Chiefs' Laurent Duvernay-Tardif Working at Nursing Home Amid COVID-19 Pandemic

Tyler Conway@jtylerconwayFeatured ColumnistApril 27, 2020

In this Wednesday, Jan. 29, 2020 photo, Kansas City Chiefs offensive guard Laurent Duvernay-Tardif (76) speaks during a news conference in Aventura, Fla., for the NFL Super Bowl 54 football game. (AP Photo/Brynn Anderson)
Brynn Anderson/Associated Press

Kansas City Chiefs guard Laurent Duvernay-Tardif, who holds Doctor of Medicine and Master of Surgery degrees, has been working at a long-term care facility in Canada to help during the COVID-19 pandemic. 

Duvernay-Tardif wrote of his experience in a first-person article for Sports Illustrated:

"A few days ago, health ministry officials started a campaign to recruit health care professionals, especially students in medicine and nursing. It's now possible for me to go back and help. I had already wanted to, but when it's real, it hits you, the gravity involved. Now, the discussion shifts from I want to go back to how am I going to go back? I discussed with my girlfriend whether we will continue to sleep in the same bed or live in the same apartment. These conversations made me realize even more the sacrifices that people in health care, on the front line, are making."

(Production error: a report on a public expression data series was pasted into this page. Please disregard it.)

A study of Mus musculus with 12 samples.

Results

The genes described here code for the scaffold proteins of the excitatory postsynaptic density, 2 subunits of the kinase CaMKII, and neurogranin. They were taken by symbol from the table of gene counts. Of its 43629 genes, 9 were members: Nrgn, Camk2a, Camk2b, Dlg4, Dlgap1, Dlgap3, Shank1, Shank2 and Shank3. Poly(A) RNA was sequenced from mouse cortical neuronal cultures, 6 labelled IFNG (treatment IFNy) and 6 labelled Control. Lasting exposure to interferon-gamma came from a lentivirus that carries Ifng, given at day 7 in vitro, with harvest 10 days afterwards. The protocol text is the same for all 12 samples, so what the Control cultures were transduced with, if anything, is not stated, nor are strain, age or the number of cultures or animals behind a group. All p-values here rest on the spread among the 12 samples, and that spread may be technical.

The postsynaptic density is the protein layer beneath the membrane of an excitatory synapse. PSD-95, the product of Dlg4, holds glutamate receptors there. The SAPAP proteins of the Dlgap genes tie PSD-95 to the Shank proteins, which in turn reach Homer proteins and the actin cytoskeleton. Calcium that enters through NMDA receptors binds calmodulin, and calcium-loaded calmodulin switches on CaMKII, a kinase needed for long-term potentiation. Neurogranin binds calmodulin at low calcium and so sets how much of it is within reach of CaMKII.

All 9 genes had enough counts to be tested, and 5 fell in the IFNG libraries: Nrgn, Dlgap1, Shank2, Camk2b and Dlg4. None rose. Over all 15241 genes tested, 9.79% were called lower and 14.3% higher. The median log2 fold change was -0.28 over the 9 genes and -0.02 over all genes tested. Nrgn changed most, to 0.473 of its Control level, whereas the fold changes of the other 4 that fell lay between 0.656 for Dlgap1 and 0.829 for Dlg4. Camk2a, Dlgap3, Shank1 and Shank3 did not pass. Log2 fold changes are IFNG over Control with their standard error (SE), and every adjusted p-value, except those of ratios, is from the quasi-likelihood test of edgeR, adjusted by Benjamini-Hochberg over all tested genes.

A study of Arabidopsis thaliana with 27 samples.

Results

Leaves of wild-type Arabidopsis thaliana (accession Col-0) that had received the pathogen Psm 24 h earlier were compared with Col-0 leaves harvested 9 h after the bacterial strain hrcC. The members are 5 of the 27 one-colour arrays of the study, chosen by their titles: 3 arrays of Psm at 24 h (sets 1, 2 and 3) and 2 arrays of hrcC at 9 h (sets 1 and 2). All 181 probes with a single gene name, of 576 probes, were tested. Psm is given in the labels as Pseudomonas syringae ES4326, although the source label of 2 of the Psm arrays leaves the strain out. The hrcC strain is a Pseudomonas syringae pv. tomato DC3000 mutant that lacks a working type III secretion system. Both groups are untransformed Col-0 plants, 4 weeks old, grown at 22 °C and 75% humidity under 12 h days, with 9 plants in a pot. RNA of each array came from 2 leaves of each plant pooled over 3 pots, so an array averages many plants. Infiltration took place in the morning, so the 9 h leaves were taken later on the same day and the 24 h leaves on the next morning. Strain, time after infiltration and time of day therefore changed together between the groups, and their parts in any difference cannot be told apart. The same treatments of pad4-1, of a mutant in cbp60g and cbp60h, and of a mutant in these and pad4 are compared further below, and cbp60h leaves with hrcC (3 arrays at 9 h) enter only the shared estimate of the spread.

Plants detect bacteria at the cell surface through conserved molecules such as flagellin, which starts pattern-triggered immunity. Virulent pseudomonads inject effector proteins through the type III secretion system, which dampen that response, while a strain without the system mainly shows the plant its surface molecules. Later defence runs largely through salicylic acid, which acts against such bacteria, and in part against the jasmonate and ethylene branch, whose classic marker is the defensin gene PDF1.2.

Duvernay-Tardif had been willing to help earlier in the pandemic but was unable because he has not done any post-graduate work as a doctor, including his residency, because of his NFL career. The Chiefs backed Duvernay-Tardif's decision to help the community. 

"I had to check in with the Chiefs from a contract standpoint. They've been amazing. They were proud of the fact that I wanted to go help. They said they would support me," Duvernay-Tardif wrote.

Duvernay-Tardif has been working in a long-term care facility, an area he says was "hit the hardest" by COVID-19. He implored people to follow social distancing guidelines and go about protocols in the right way, no matter how hard it may be on a personal level. As part of the NFLPA task force, Duvernay-Tardif said they are just getting started in examining how—or if—football can come back in September. 

"It's too soon to say when sports might come back. Or what that might look like," he wrote. "What I can say is if we're not playing in September, knowing all the implications of what sport means for a nation and the money behind this huge industry, there are going to be bigger issues than not playing football."